The House and would-be Senate bills rely on hundreds of billions of dollars in cuts to Medicare to keep reform deficit-neutral.
But even though President Obama pledged as recently as last week that the legislation would bring down the cost of health care "while strengthening the financial health of Medicare," the chief actuary for the Centers for Medicare and Medicaid, an agency in the Department of Health and Human Services, issued an official analysis that found the House bill breaks both pledges.
The report said the reductions in Medicare spending would lower payments to providers such as doctors and hospitals and that they "might end their participation in the program (possibly jeopardizing access to care for beneficiaries)."
"The administration's own actuary ... has said that it will drive the cost of health care up and that it will hurt seniors," Senate Minority Leader Mitch McConnell said. "This is a bill that cuts Medicare, raises taxes and raises insurance premiums."
The study also found that the House bill would not lower healthcare spending overall but national expenditures would actually increase by $289 billion.
Republicans weren't the only ones accusing Democrats of breaking promises. Abortion rights advocates were out in force Monday accusing Democratic leaders of breaking pledges by accepting restrictions on abortion.
"It will be better to dump this entire bill then to allow it to become law with these noxious provisions intact," said Rev. Barry Lynn, executive director of Americans United for Separation of Church and State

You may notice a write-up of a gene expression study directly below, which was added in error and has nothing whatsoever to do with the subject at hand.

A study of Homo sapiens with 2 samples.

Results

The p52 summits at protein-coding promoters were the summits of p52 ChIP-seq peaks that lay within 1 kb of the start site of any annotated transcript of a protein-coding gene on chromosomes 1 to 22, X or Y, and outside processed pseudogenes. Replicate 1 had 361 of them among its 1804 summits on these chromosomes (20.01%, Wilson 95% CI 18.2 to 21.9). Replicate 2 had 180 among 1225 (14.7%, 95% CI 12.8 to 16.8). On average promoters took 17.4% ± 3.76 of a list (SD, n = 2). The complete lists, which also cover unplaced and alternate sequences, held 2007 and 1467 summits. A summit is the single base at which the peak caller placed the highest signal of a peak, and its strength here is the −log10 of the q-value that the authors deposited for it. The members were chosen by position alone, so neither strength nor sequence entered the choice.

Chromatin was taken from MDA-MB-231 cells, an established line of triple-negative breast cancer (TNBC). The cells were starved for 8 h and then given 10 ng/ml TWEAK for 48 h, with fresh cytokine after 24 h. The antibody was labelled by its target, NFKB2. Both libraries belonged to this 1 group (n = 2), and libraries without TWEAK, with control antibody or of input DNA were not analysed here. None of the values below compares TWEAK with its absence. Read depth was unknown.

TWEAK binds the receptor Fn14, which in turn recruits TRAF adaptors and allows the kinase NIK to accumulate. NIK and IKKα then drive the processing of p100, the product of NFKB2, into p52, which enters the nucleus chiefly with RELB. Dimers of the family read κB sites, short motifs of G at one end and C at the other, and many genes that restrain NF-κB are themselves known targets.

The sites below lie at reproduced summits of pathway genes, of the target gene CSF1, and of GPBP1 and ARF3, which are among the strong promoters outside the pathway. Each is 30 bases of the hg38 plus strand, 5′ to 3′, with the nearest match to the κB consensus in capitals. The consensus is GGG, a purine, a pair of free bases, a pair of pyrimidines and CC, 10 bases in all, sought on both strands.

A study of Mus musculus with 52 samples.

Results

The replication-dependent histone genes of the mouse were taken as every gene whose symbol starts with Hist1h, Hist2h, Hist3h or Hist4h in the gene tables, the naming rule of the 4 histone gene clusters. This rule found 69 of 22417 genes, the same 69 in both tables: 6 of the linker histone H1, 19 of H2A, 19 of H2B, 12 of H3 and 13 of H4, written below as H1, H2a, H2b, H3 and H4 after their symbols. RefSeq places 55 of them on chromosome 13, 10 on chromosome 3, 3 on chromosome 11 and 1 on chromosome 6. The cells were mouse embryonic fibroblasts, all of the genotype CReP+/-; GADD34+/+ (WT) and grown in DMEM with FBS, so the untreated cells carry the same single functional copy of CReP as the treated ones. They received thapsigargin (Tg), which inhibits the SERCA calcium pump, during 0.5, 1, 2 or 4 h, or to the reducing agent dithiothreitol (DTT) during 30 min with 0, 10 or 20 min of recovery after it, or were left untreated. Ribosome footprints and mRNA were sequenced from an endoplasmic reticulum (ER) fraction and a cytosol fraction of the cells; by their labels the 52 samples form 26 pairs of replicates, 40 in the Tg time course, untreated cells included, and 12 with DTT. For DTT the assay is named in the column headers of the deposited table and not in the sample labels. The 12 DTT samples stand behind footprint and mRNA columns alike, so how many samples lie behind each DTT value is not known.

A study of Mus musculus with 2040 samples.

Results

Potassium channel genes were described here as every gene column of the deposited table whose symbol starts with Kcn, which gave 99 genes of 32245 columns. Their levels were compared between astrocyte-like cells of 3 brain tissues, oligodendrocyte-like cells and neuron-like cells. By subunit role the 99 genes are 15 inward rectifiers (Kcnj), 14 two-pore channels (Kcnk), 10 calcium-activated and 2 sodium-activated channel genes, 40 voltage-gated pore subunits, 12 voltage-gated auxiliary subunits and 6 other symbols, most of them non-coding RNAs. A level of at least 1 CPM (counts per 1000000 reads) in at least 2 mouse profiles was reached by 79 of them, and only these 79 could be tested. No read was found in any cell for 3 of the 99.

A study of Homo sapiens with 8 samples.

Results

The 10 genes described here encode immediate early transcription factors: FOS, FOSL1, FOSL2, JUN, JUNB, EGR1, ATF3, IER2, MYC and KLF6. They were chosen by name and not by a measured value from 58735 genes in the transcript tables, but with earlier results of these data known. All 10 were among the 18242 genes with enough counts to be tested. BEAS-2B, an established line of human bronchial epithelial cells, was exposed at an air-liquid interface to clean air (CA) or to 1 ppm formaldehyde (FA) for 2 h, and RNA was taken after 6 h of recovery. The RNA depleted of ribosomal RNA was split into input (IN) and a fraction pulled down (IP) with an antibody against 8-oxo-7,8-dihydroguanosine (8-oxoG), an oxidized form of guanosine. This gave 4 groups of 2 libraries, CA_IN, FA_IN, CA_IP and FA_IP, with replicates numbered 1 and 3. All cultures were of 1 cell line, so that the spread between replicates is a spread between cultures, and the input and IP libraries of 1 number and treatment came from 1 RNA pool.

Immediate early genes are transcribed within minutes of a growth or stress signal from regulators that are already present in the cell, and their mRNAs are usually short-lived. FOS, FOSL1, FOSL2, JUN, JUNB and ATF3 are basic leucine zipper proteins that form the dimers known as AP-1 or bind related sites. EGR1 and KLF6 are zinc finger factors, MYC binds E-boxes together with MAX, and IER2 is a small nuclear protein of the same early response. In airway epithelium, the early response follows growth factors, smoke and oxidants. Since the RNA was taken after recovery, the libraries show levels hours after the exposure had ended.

"This is not the health care reform we were promised," said Kelli Conlin, president of NARAL Pro-Choice New York. "We were promised time and again that no one would lose existing coverage under health care reform, but the Stupak amendment turns that promise into lie because woman who currently has abortion coverage and joins the exchange will simply not have access to same plan."
One other complication for lawmakers is the so-called "doctor fix" in Medicare that the House still has to take up. It costs $210 billion and by law, seniors have to cover one-quarter of the cost. That means seniors would be paying $50 billion more in premiums over the next 10 years, an unexpected surprise.
Finally, some 60 percent of the uninsured would get insurance only because the House expands eligibility for Medicaid, government-paid health care for the poor. Critics say that's not reform, just an expansion of entitlements, which are already straining federal and state budgets.